Wednesday, November 4, 2009

Sometimes, Sundays 8pm turns a little interesting - We, the People on NDTV 24X7. A noted Indian journalist triggers an issue—terribly trivial or vividly vital—and a cacophony of voices follow. Most of the time she tries to reconcile speaker’s attitudes, not their thoughts. One shouldn’t mistake her fluency for fluidity of thought. Nonetheless, she does make her presence felt and the so-called Delhi intellectualism as well. But, does the issue(s) raised have any palpable answer (if not a solution). Of course, we should not expect her to be the all-solution sage. But she does a journalist’s vocation of knocking amnesiacs like me off the oblivion to the important issues of our time.

The Nov 1 debate was about revisiting the past and to reconcile with the present. It was a timely debate about the so-called iron lady of India, Indira Gandhi. Much like that metal, she was magnetized about reaping power and repressive politics. One speaker on the show said we should swallow the hard fact that leaders can be fallible and we should tolerate their imperfections as well. Another said Indira should be seen from the lens of 1970s, when the country was in utter disarray. I cannot testify to the second claim as I wasn’t born then. But the previous speaker’s confession about a leader’s fallibility shouldn’t let that leader go on to commit more crimes, in the name of inherent erroneousness.

Psychology has much to say about these power relations. The psychology of power distinguishes between outcome orientation (focus on power as a means to get something done) and process orientation (the enjoyment of using power to direct others). Lord Acton said that “power tends to corrupt and absolute power corrupts absolutely.” A commander believes the command is the reason for the commanded to obey the order, whether they would not do it or not if they hadn’t been ordered to do so.

Simply, this means in the Indian context, Indira thought her (ability to) command was why she could impose the emergency. A famous psychological study called the Stanford Prison experiment is a case in point—conducted in 1971, when Indira was voted back to power for a second term as Prime Minister. In that experiment, normal college students were randomly assigned to play the role of guard or inmate for two weeks in a simulated prison, yet the guards quickly became so brutal that the experiment had to be shut down after only six days. So the inference is that “it seemed the situation caused the participants' behaviour, rather than anything inherent in their individual personalities” (Wikipedia).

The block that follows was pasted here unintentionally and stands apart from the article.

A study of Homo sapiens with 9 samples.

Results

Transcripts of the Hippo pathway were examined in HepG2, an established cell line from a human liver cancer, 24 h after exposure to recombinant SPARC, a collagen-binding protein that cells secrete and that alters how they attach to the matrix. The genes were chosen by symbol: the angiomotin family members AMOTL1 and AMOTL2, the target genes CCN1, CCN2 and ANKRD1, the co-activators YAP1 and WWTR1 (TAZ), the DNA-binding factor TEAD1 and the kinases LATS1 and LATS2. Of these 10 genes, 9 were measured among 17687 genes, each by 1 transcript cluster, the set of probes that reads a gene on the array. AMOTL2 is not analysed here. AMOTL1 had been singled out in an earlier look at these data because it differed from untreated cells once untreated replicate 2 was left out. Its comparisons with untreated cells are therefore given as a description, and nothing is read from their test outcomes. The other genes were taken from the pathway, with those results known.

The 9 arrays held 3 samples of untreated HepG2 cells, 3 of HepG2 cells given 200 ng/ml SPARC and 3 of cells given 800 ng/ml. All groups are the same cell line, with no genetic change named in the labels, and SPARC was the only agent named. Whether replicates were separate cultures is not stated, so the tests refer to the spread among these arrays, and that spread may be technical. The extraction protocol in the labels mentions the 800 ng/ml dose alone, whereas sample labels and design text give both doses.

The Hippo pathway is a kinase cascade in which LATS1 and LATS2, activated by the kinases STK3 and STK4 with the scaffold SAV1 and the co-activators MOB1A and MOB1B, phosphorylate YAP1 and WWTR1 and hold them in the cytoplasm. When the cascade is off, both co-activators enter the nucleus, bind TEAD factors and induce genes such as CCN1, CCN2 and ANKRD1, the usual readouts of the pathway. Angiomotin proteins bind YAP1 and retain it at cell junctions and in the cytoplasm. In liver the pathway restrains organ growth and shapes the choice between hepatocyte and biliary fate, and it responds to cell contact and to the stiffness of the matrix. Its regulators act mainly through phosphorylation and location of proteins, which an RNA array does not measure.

So does this mean Indira’s excesses can be excused as a reaction to the situation rather than something inbuilt in her character. She partly unfurled her character saying she was no saint like her dad. Maybe, a critic would say this is a clever ploy to remind the reader of her legacy—thoroughly used down the ages, right until the charmer at Janpath (who scaled the Congress ladder on a rocket). Her assault on every possible Indian institution during emergency couldn’t have been an one-off affair. Slowly, she decimated the power of all others and absorbed the snatched power into herself.

But as the political thinker, Pratap Bhanu Mehta wrote in the Indian Express (a day before Indira’s 25th death anniversary) “even as she was subverting institutions, she could project an aura of democratic grace; her authoritarianism worked precisely because her persona seemed not dictatorial.” Indira is India may have been too great a slogan to say but in that era when coalition politics were absent and for one leader to command the entire India, Indira may be the “last leader who could truly belong to the whole of India.” Mehta concludes his piece with a set of questions, in the typical political style. “Are we safer with a fragmentation of interests, however narrow they appear, checking and balancing each other? Or do we need a leadership that is an embodiment of the people as a whole, with all the risks that such personification of popular power entails?

See the cartoon, not much difference exists between the erstwhile Indira and the queen of India meanwhile.